Tough motorbike law to boost road safety

Tougher rules for motorcyclists will improve road safety while making it harder to pass driving tests, say officials.

DUBAI // Tougher rules for motorcyclists will improve road safety while making it harder to pass driving tests, Roads and Transport Authority (RTA) officials said yesterday. Motorcyclists will now be tested on braking, avoidance techniques and slow driving. Previously, tests had centred on riding on a figure of eight circuit while keeping feet clear of the road. The number of lessons required to be granted a licence will rise to a minimum of 30 from the previous 16.

Applicants who registered for licences earlier this year have until September to pass their tests or be subject to the new rules. The tougher rules were introduced to increase safety on the roads, said Sultan Al Marzooki, the director of the RTA drivers licensing department. "The licensing agency appreciates the need to provide the best means of protecting motorbike drivers, as they are among the most risk-prone drivers on roads," he said.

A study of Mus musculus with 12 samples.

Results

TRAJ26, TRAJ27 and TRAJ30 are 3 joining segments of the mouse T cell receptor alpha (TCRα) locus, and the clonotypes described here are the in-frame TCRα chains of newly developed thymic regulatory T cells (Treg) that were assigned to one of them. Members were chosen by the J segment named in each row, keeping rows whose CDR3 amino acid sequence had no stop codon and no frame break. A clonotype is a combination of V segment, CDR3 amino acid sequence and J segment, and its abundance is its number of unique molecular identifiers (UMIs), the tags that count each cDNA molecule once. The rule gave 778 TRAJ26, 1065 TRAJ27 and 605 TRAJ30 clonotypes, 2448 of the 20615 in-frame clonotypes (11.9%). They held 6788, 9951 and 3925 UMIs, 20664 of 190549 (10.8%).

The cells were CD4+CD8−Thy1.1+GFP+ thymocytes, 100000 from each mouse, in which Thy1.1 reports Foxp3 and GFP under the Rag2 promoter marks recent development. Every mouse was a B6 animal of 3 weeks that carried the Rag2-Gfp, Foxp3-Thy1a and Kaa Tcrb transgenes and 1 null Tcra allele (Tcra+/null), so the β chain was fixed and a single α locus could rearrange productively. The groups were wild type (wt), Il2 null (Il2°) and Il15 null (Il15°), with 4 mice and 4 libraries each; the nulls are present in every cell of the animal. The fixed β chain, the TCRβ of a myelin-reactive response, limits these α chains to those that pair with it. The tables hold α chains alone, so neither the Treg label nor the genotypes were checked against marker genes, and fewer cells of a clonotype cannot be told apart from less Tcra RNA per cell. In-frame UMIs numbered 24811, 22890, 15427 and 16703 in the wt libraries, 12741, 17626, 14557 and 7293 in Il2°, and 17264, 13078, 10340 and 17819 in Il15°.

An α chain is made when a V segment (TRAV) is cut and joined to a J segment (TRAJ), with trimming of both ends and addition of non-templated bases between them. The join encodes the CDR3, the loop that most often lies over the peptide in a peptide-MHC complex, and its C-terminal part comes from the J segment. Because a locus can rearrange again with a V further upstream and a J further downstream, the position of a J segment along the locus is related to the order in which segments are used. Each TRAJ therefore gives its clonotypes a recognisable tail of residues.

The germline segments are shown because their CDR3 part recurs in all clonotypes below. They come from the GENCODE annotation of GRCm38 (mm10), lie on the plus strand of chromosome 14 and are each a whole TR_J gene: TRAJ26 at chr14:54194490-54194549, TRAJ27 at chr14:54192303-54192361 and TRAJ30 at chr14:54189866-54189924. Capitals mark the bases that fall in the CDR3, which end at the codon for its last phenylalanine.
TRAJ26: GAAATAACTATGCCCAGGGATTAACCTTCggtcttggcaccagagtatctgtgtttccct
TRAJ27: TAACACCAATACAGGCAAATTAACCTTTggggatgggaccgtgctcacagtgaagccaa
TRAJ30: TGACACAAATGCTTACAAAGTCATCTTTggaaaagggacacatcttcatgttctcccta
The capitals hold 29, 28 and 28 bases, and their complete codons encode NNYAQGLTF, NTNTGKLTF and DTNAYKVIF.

Motorcyclists also welcomed the changes, saying new riders needed more stringent training in a high-risk environment such as Dubai. Traffic Police data showed 15 deaths and 127 injuries in 2008-2009, with one motorcycle accident occurring every three days. "It's good to have these new rules," said Rajan Singh, a motorcycle enthusiast and owner of a Harley-Davidson and a Royal Enfield. "You need these skills to stay alive."

As part of the new test, prospective riders will have to stop at red lights that will be controlled remotely by examiners. Ability to maintain control on the road will be tested in a series of swerving exercises, to simulate motorists changing lane without having seen a cyclist. Teaching riders both slow and fast manoeuvers would help in risky situations, said Nic Saunders, a training specialist at the RTA. The new exercises are part of a programme developed in Australia, where they were thought to improve safety.

Australian instructors spent three months training local examiners in the new techniques. "Motorcycles are vulnerable in traffic, and often not seen by other road users," Mr Saunders said. "It was felt that the training system needed to prepare motorcyclists."